The Washington Privacy Act stalled this April in the state’s House of Representatives, and will likely not reappear again for discussion until the 2020 legislative session.

The bill overwhelmingly passed the Senate, but failed to come to a floor vote in the House of Representatives before the April 17th deadline for state lawmakers to consider non-budget related matters. This delay appears to stem from a lack of consensus on key issues, such as the regulation of facial recognition technologies and potential enforcement mechanisms.

If the House had passed the bill, Washington would have become the second state in the United States to enact significant privacy legislation. Mirroring the GDPR in several respects, the bill provided access, correction, and deletion rights to consumers, and imposed disclosure and risk assessment obligations on covered businesses.

Although state lawmakers failed to pass the Washington Privacy Act, they reached a consensus on a separate bill that expands Washington’s breach notification law. The Senate and the House of Representatives passed the bill in their respective chambers in the latter half of April. The bill amends the state’s data breach notification requirements in three ways:

  • Definition of Personal Information: The law expands the definition of “personal information” that triggers notification to include: full date of birth; private key to authenticate or sign an electronic record; biometric data; student, military, or passport ID numbers; certain health insurance information; medical histories; and online account credentials.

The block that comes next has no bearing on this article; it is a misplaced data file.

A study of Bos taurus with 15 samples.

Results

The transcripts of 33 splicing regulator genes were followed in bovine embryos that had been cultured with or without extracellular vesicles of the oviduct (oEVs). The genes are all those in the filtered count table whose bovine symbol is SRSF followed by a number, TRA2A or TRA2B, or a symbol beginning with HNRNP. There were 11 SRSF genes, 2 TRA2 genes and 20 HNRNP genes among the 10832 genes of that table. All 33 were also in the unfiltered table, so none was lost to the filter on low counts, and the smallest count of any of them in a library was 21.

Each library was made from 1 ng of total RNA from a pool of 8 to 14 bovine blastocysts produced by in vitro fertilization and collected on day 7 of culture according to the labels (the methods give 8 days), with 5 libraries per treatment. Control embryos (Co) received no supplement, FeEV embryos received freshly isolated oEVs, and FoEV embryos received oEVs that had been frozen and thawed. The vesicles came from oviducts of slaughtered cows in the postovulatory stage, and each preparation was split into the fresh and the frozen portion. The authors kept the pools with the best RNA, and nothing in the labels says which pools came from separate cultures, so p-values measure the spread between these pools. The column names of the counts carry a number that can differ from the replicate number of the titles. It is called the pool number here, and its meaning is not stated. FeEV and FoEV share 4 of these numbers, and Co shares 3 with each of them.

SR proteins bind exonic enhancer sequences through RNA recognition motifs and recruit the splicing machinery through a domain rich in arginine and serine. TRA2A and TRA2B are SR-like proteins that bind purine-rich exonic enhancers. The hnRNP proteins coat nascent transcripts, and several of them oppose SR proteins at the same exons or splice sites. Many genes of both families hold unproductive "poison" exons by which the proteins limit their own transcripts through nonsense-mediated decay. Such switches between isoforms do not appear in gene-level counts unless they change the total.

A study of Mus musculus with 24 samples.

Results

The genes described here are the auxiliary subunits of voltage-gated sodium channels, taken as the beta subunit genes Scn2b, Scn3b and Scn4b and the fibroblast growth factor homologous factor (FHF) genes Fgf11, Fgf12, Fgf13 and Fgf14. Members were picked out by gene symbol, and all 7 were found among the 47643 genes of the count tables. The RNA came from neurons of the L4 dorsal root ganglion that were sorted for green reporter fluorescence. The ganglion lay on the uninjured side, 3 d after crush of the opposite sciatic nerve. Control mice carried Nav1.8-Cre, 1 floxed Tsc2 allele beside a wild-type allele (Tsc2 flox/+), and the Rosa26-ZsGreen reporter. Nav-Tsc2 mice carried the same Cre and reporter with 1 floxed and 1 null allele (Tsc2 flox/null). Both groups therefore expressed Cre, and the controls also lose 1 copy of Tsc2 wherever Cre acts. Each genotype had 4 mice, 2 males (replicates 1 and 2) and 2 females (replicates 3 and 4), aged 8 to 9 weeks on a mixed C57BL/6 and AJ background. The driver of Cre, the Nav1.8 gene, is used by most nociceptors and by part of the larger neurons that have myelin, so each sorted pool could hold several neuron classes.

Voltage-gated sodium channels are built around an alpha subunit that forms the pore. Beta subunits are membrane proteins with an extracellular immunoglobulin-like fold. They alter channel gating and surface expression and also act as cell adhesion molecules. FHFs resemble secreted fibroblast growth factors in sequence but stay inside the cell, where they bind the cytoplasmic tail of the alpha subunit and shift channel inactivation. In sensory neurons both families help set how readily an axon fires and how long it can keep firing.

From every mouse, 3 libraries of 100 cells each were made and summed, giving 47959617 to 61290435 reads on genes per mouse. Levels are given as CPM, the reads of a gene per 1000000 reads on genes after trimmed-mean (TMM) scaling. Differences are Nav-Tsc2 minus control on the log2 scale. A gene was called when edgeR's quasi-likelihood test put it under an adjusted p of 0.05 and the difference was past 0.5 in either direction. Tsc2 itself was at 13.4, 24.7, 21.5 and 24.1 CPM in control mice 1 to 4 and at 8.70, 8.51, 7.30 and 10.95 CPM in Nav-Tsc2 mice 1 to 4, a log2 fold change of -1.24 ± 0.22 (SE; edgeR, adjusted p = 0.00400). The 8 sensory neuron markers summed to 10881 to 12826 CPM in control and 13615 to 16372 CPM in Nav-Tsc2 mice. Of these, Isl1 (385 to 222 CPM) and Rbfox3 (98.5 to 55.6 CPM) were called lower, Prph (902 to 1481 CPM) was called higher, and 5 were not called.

• Timeline for Notification: The law reduces the timeline for issuing notifications from 45 days to 30 days after discovery of a breach.
  • Content Required for Notification: The law requires additional information to be included in breach notification letters, such as the date of the breach and the discovery date. In addition, for breaches of usernames and passwords, the notice must inform consumers to change their passwords and security questions and answers, and to take appropriate steps to secure their account. Notifications to the Attorney General also must include the types of personal information subject to the breach, the timeframe of exposure, and steps taken to contain the breach.

The new requirements are scheduled to take effect on March 1, 2020.